Middle East

Canadian dies photographing Aleppo barrel bomb carnage

People carry a recovered body from under the rubble at a site hit by what activists said was shelling by forces loyal to Syria's President Bashar al-Assad in Aleppo's district of al-Sukari March 8, 2014. (REUTERS/Hosam Katan)

BEIRUT: A barrel bomb killed a Canadian photojournalist in Aleppo as he tried to document the death and destruction caused by the controversial weapons, reports said Monday.

An official from the opposition-held part of the northern city said Ali Mustafa, a freelancer who sold pictures to the SIPA and EPA agencies, died Sunday.

The opposition Aleppo Media Center also reported the death.

“Four members of the [opposition] civil defense in Aleppo and 10 other civilians were killed, and dozens of others wounded, in a barrel bomb attack launched by helicopters against the Haydariyeh roundabout in the east of Aleppo city Sunday morning,” the center said.

“A Canadian journalist, Ali Mustafa, was also killed ... as he tried to document the massacre.”

The media watchdog Reporters Without Borders said Mustafa, 30, died in a barrel bomb explosion as he tried to take photographs of the destruction caused by an earlier blast.

“Reporters Without Borders is dismayed to learn that Canadian freelance photographer Ali Mustafa was killed by a barrel bomb ... while photographing the death and destruction caused by an earlier bomb,” it said.

The Paris-based organization said seven other people were killed.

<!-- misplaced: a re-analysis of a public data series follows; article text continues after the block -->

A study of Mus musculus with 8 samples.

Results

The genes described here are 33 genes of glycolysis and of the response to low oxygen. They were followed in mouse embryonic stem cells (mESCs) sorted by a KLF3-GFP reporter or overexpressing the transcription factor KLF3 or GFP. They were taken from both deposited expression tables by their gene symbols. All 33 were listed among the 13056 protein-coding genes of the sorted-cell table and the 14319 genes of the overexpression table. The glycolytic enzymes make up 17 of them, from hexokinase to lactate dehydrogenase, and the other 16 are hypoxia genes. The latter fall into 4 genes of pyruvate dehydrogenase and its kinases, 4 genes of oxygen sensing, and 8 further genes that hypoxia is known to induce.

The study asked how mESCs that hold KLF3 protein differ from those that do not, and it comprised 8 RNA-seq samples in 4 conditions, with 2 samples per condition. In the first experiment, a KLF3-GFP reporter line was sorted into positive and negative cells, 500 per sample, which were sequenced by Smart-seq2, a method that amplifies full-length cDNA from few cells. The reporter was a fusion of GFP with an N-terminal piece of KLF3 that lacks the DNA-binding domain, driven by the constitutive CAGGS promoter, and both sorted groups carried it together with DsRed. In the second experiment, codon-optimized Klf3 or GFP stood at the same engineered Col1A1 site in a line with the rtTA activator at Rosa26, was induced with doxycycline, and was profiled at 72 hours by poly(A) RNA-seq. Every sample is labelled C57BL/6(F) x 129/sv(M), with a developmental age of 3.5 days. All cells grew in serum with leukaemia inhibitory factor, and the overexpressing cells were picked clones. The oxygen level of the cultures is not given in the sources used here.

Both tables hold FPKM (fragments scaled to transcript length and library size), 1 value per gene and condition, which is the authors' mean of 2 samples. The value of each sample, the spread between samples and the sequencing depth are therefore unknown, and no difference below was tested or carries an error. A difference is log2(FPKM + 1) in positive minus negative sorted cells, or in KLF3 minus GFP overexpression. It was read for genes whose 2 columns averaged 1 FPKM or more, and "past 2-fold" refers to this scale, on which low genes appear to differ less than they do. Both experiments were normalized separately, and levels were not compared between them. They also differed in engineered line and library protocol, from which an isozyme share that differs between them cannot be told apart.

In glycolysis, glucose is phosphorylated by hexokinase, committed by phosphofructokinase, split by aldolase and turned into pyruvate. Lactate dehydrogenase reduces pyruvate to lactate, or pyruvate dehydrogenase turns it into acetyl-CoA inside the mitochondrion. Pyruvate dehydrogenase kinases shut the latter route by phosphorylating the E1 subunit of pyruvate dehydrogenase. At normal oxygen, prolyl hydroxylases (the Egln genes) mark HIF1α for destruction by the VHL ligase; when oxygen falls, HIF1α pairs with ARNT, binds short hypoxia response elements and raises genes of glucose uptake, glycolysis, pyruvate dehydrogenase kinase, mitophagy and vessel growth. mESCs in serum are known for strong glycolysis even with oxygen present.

The Syrian government has been accused of dropping barrels packed with explosives and scrap metal in a months-long campaign that has killed scores, mainly in residential areas of Aleppo.

Canada’s Foreign Ministry said it was aware of reports that one of its nationals had been killed in Syria.

Mustafa’s sister, Justina Rosa Botelho, confirmed his death on her Facebook page, mourning her younger sibling.

“[I] Hope the world will understand what an angel my brother was. He cared more for others than himself,” she wrote.

In an interview last year about his decision to cover Syria, the world’s most dangerous conflict for journalists, Mustafa said he “could not ignore this ongoing human tragedy.”

“Syrian people feel abandoned by the world. They are asking for our solidarity,” he said.

Reporters Without Borders said Mustafa was the ninth foreign journalist to have been killed while covering the Syrian conflict.

A version of this article appeared in the print edition of The Daily Star on March 11, 2014, on page 8.